Originally cast six years ago by a couple of WRVU DJs as a showcase of Nashville's electronic underground, the yearly Buzz & Click concert has gradually grown in scope, both sonically and geographically. As the event has begun highlighting a larger cross-section of the region's outsider music scene, those more traditional instruments finding their way into the annual showcase rarely find a traditional use, as experimentation and improvisation are the general rules of the day.
The previous five installments have ranged from pulverizing noise to plaintive atmospherics, sidestepping the image of ecstasy-addled raves that the term "electronica" usually conjures, but Buzz & Click VI is more meditative this time around. Not that this sixth lineup is without its helpings of brashness—there just aren't as many obstacles to the unadventurous listener as in the past. In no way is this a bad thing. If an annual experimental electronic music event's lineup were to remain static year after year, the curators would be best advised to get out of the curating business.
This year's lineup can be more or less divided into four lumps: laptop jockeys, pedal-worshipers, improvisers and Styches. That last group is composed of LYLAS members Kyle Hamlet and Kelli Shay Hix. Their acoustic guitar/violin combination might seem at odds with the showcase's mission statement, but their minimalism fits the general theme of the evening. Their instrumentation is put to more atmospheric uses, and the bedroom-style aesthetic of the project is in keeping with Buzz & Click tradition. It's an opportunity to present ideas one might have been keeping to oneself to a more-attentive-than-average audience.
The computer camp offers some familiar faces from previous years. Buzz & Click co-founder Jeremy Dickens' one-man laptop project Logickal dabbles in IDM. (Like most musical acronyms, IDM is very stupid—Intelligent Dance Music is a fairly silly title for a group of artists who typically exercise little consideration toward danceabilty.) But Dickens condenses the genre's finest into a pulsating, spacey blend that offers concessions to your groove-thang but plays a bit more to the dormitory bong-ripper set. Matt Pusti's DAAS project operates along similar lines. Better known by his Makeup and Vanity Set alias—Nashville's answer to (and improvement on) Justice—DAAS trades MAVS' anthemic qualities for more chaotic impulses.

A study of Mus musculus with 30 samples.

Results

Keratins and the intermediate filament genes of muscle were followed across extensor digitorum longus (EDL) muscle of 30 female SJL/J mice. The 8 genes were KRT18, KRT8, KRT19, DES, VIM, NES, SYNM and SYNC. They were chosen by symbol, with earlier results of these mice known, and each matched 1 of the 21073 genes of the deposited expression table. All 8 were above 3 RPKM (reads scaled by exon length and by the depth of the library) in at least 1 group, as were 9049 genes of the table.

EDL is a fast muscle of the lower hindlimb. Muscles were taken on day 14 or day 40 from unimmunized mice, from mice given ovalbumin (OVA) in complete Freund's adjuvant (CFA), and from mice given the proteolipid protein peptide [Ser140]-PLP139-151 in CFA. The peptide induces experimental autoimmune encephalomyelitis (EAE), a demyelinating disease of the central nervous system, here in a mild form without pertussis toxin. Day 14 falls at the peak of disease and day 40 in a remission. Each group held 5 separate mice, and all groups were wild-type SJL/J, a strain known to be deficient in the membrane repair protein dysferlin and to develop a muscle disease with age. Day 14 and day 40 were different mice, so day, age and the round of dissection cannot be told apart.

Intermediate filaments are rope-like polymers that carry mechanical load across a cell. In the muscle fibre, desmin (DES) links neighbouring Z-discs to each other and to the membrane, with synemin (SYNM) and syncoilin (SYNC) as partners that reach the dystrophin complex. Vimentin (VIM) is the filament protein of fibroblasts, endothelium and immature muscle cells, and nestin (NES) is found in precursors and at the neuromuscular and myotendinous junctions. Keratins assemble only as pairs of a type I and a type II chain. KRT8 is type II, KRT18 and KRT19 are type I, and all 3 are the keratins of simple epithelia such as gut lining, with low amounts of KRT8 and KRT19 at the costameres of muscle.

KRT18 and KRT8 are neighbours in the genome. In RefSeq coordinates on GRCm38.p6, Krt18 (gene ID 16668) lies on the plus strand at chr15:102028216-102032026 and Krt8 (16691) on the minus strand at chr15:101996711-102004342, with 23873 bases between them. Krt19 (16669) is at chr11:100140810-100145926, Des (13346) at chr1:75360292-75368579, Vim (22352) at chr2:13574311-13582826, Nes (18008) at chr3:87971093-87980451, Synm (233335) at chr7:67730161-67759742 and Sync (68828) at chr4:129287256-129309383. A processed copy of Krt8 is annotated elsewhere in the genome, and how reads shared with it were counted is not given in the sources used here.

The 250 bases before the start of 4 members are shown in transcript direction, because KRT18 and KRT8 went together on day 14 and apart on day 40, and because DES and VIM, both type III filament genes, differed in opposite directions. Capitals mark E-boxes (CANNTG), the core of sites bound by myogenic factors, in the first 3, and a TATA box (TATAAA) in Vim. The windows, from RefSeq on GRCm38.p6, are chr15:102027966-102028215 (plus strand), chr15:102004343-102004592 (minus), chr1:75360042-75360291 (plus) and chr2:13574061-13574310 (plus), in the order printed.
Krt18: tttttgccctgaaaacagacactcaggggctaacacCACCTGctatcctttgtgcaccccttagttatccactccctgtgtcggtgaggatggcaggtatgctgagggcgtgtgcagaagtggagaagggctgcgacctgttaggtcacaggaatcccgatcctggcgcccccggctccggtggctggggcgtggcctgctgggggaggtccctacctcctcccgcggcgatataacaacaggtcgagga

Jensen Sportag and Oliver Dodd's offerings bridge the gap between the club and the outsider tendencies of the rest of the lineup, with the electro-pop of the former serving as the city's go-to dance party fodder. Dodd strips away that sheen in favor of a trancey and decidedly less glossy version of what was once upon a time called techno. Synapse Trap contrasts that with a kitchen sink-approach to collaboration ranging from artsy-fartsy to collar-poppin'.
But the weirder stuff gets even better. B&C fixtures Bluff Duo champion unorthodoxy in their guitar and saxophone excursions, with little semblance of traditional song structure—think free jazz with gadgets. Leslie Keffer's now-infamous opening slot for Sonic Youth at City Hall polarized those in attendance, but her harsh power-electronics have attracted collaborations with Thurston Moore and landed her on an All Tomorrow's Parties lineup in the UK back in 2006. And locals 84001—criminally under-appreciated—craft gorgeous splashes of shoegazey drones out of guitar loops, synthesizers and live electronics.
The night's coup de grâce is Forrest Bride, fronted by Ben and Amy Marcantel and likely composed of a large portion of the evening's participants. The extreme ends of the night's previous sets get incorporated into this brilliant slab of freak folkin' Krautrock—just the thing to cap off the night.